By Russ Ramsey
Portable theology. That’s what they used to call hymns. Some of the great old hymns unpack, line by line, profound doctrinal truths. They hold together, and often something is severely lost if the music leader decides to skip, say, the third stanza. That stanza might have developed or clarified the second stanza in such a way that now gives the fourth stanza its punch.
Many great hymns exist to develop and articulate complex, wonderful biblical truths so that the person singing might benefit from those truths passing over their own lips in the context of worship. The last line of “Come, Thou Long-Expected Jesus” gives us a beautiful example of a profound biblical truth worth committing to memory and reciting regularly: “By Thine all-sufficient merit / Raise us to Thy glorious throne.” So much of the gospel is in this line.
In both the Old Testament and New, God tells His people they are part of His kingdom—heirs even. Jesus said the kingdom of God is at hand. Revelation 5:10 says, “You made them a kingdom and priests to our God, and they will reign on the earth.” This doctrine of the kingdom of God emphasizes two things concerning God’s people: 1. Our citizenship lies with God for all eternity, and 2. This is not because of anything we have done, but is the result of the redeeming work of Christ on our behalf.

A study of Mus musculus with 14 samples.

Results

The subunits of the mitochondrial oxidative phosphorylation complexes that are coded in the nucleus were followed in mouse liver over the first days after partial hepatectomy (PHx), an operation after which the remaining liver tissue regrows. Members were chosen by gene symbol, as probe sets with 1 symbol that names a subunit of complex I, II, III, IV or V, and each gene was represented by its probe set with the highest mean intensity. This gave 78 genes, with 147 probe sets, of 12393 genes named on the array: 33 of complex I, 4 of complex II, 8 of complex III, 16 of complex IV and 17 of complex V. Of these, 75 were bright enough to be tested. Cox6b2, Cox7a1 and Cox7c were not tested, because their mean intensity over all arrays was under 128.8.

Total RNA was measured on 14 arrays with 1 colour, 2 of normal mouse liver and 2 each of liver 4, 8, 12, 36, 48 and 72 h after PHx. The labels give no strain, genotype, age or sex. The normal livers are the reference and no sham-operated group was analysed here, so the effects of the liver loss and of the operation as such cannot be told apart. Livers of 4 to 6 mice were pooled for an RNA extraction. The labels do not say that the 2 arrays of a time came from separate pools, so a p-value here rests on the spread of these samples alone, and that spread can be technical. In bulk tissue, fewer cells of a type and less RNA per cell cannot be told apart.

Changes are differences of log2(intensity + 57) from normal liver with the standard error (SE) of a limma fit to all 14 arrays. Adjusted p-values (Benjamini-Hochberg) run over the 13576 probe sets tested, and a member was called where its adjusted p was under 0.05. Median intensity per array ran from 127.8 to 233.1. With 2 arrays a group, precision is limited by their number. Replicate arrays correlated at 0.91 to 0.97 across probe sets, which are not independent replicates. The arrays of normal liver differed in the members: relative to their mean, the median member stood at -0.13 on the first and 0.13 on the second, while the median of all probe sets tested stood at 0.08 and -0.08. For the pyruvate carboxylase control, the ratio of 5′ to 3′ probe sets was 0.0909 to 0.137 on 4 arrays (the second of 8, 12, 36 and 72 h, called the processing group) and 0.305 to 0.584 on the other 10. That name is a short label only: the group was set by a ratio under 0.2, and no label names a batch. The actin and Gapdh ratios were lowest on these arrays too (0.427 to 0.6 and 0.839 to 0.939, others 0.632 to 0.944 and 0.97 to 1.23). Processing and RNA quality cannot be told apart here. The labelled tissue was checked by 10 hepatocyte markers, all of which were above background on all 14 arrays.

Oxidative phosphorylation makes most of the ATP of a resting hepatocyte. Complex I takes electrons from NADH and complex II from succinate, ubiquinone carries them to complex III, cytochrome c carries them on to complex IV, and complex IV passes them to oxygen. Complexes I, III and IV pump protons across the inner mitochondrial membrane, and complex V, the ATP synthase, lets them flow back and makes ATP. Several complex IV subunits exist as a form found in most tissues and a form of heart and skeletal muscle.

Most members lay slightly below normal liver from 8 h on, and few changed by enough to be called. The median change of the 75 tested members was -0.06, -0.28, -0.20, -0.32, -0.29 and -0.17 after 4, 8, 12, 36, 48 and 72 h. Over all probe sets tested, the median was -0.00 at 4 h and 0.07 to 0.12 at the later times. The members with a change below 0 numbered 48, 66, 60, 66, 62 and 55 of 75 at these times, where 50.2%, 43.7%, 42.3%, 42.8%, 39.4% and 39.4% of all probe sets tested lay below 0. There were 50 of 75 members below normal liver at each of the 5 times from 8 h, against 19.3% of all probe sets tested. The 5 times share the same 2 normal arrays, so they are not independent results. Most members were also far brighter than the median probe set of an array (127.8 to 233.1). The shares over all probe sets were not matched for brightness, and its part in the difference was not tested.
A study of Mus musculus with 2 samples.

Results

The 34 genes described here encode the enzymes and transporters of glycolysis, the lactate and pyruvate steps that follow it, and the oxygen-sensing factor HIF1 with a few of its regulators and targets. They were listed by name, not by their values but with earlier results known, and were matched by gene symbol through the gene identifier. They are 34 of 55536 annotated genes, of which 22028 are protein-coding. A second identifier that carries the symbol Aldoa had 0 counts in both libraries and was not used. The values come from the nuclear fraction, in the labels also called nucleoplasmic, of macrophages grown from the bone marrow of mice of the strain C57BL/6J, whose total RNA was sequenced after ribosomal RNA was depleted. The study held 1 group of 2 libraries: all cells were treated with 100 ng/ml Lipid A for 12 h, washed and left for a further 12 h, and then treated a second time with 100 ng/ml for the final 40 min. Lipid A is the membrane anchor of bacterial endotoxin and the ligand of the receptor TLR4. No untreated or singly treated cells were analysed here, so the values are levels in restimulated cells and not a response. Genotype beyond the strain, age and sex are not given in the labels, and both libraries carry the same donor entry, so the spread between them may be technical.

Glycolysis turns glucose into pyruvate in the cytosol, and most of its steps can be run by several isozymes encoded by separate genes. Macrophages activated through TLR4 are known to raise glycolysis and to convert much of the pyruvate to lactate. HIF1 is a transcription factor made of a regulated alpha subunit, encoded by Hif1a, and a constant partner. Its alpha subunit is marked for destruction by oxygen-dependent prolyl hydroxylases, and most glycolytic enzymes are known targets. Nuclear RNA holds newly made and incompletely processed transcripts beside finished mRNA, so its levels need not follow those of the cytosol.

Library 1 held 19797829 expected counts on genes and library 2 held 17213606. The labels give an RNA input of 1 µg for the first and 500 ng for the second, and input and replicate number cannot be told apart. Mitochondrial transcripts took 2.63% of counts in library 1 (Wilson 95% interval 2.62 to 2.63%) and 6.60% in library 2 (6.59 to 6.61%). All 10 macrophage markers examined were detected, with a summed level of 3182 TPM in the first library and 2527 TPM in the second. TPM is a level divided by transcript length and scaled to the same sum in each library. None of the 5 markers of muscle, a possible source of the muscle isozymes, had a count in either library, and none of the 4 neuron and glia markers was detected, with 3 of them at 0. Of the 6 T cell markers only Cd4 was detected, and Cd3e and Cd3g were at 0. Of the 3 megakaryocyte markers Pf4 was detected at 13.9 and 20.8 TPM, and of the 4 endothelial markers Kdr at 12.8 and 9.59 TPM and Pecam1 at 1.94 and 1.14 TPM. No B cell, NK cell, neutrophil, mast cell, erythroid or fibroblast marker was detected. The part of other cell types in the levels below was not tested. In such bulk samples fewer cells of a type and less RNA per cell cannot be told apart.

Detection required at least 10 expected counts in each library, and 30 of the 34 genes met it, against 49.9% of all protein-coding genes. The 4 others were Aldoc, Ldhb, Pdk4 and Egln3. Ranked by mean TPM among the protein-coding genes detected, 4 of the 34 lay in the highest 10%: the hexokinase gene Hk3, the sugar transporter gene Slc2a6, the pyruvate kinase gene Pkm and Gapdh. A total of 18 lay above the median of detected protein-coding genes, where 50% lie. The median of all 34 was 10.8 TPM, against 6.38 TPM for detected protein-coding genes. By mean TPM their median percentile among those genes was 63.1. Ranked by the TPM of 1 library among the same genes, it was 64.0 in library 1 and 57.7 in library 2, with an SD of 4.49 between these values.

We are not saved by our own merits; they are woefully insufficient when it comes to meeting God’s standard of righteousness. It is only by Christ’s all-sufficient merit—His perfect record of righteousness—that we are raised to new life.
What are we raised for? Life as heirs with Christ in His eternal kingdom. When He raises us by His all-sufficient merit, it is not to a place of servitude. It is to His eternal presence where He is enthroned as the King of all creation forever.
Scripture assures us, “if we die with him, we will also live with him; if we endure, we will also reign with him…” (2Timothy 2:11–12). There will come a time when “the trumpet will sound, and the dead will be raised incorruptible, and we will be changed” (1Corinthians 15:52). These are staggering truths, impossible for any of us to imagine in full. And yet, this is the promise for all believers—that we will be raised to Christ’s eternal throne.
When we sing that line in the hymn, we get to rehearse the vital truth that comforts us in our inability to imagine how glorious our eternity with Him will be. We get to confess the reason why we can believe it: it will only be by His all-sufficient merit. Though we see through a glass darkly, we can rest in that.